Niagara Gazette — LOCKPORT — For those looking to keep Chemical Waste Management from expanding its operations in the Town of Porter, Tuesday’s Niagara County Legislature administrative committee meeting was an important step in the process.
Though the smaller group of legislators didn’t pass any sort of legislation along to the general forum, there appeared to be a lot of positive talk following a 45-minute executive session between the group and its hired legal counsel, Allegany-based Gary Abraham.
“We had a good meeting,” Legislator Clyde Burmaster said. “There are some improvements that can be made on the resolution. But we will put the money in. We’ll pursue this as soon as we can put the proper wording together. There’s been a solid relationship between us and I’m sure we will continue seamlessly.”
Abraham, a man hired by the county in 2005 to battle the CWM expansion plan, said until recently, he was off the case dating back to last March, when county attorney Claude Joerg informed him there was no money left to pay for his services. Then, in November, the Lewiston Town Board voted to send $50,000 — in two installments — to the county to fund Abraham and his team of both scientific and legal experts assisting his case.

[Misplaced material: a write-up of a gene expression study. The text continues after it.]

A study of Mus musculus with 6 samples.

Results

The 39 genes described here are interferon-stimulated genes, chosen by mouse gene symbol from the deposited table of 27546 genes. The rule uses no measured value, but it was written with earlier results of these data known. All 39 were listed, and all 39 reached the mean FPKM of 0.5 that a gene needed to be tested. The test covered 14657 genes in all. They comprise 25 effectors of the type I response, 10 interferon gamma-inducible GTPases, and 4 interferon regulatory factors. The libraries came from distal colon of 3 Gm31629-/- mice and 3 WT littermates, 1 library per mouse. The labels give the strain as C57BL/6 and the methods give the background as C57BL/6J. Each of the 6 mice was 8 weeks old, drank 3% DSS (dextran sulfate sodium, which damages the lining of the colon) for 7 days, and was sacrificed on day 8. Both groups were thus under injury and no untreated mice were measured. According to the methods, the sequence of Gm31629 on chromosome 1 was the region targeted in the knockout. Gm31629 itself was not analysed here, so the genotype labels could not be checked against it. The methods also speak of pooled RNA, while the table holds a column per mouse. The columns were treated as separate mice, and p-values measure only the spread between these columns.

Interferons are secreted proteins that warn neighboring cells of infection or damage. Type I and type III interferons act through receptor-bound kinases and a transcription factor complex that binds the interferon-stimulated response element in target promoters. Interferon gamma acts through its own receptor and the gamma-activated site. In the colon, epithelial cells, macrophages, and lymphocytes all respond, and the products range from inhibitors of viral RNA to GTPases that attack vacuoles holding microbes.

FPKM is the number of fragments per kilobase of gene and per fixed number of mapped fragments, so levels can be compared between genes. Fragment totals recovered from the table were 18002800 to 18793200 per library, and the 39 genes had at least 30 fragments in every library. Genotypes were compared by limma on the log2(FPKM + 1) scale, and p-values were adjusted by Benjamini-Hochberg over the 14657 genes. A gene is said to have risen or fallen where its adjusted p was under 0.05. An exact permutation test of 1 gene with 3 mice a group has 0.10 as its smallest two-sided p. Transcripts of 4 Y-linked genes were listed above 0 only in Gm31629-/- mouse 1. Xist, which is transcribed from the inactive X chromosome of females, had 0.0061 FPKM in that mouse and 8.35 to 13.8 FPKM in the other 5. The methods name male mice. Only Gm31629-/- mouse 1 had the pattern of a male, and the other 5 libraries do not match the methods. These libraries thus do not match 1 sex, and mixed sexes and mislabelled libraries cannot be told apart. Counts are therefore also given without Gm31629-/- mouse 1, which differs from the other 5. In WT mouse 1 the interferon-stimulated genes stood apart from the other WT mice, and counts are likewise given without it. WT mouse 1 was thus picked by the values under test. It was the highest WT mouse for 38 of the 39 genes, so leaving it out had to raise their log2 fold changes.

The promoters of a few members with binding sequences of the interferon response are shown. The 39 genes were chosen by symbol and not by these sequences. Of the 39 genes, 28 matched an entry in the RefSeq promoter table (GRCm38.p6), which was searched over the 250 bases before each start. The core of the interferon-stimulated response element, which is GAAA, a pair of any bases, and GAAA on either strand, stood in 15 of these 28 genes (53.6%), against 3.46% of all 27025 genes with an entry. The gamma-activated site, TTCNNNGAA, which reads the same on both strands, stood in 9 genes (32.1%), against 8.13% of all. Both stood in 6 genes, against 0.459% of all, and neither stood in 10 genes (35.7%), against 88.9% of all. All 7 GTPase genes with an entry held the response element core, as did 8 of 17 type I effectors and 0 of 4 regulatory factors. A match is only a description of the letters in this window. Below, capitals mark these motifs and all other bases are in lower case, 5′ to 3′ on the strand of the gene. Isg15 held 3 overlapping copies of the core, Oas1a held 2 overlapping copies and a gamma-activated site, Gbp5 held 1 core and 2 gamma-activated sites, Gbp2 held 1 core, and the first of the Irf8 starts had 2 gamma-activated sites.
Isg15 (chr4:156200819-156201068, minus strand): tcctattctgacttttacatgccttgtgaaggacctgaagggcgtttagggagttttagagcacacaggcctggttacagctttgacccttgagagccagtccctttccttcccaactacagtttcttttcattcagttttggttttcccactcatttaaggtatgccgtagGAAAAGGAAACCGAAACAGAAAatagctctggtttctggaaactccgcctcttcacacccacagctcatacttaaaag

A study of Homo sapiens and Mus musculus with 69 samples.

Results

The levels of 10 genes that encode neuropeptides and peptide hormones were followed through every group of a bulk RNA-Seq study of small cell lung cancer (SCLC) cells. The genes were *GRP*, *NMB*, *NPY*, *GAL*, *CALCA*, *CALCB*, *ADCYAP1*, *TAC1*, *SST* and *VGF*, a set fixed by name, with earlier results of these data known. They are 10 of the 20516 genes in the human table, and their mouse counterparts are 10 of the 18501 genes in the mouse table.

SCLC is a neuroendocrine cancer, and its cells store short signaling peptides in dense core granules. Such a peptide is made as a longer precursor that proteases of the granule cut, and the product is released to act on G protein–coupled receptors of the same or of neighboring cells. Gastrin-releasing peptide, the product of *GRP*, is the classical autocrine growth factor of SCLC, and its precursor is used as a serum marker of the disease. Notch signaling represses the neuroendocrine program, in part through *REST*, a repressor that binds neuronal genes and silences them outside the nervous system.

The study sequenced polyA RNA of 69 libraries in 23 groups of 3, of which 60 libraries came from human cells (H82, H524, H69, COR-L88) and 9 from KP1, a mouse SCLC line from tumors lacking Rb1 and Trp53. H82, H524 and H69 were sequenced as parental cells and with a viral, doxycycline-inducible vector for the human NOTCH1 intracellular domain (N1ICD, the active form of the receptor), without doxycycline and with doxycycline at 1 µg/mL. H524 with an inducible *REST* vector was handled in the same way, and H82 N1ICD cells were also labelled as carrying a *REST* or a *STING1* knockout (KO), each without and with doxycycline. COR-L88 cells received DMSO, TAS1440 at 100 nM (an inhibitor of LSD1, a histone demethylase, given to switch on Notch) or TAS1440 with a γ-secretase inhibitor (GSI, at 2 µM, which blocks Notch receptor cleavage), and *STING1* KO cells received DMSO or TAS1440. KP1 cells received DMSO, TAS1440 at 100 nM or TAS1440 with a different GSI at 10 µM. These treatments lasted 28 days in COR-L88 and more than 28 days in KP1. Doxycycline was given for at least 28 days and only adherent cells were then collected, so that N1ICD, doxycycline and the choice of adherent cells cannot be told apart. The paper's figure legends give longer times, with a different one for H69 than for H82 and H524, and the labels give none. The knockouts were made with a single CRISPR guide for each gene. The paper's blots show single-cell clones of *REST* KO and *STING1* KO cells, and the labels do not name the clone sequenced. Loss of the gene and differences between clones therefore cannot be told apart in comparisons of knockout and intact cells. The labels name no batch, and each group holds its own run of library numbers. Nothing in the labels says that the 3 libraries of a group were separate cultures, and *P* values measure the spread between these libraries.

He said Lewiston’s $50,000 for 2013, half of his agreed-upon financial requirement to spearhead the fight, would keep his team on the case through the early part of 2014, though the town board has already committed another $50,000 for next year’s expenditures.
Lewiston’s involvement in this fight has always been a mystery, even to those who’ve participated from the beginning of the legal battle to keep CWM from building a second landfill west of its current one.
Councilman Alfonso Bax said the county and the town never actually came together and talked about what was needed to take the fight to CWM, assuming it ever needed to be done.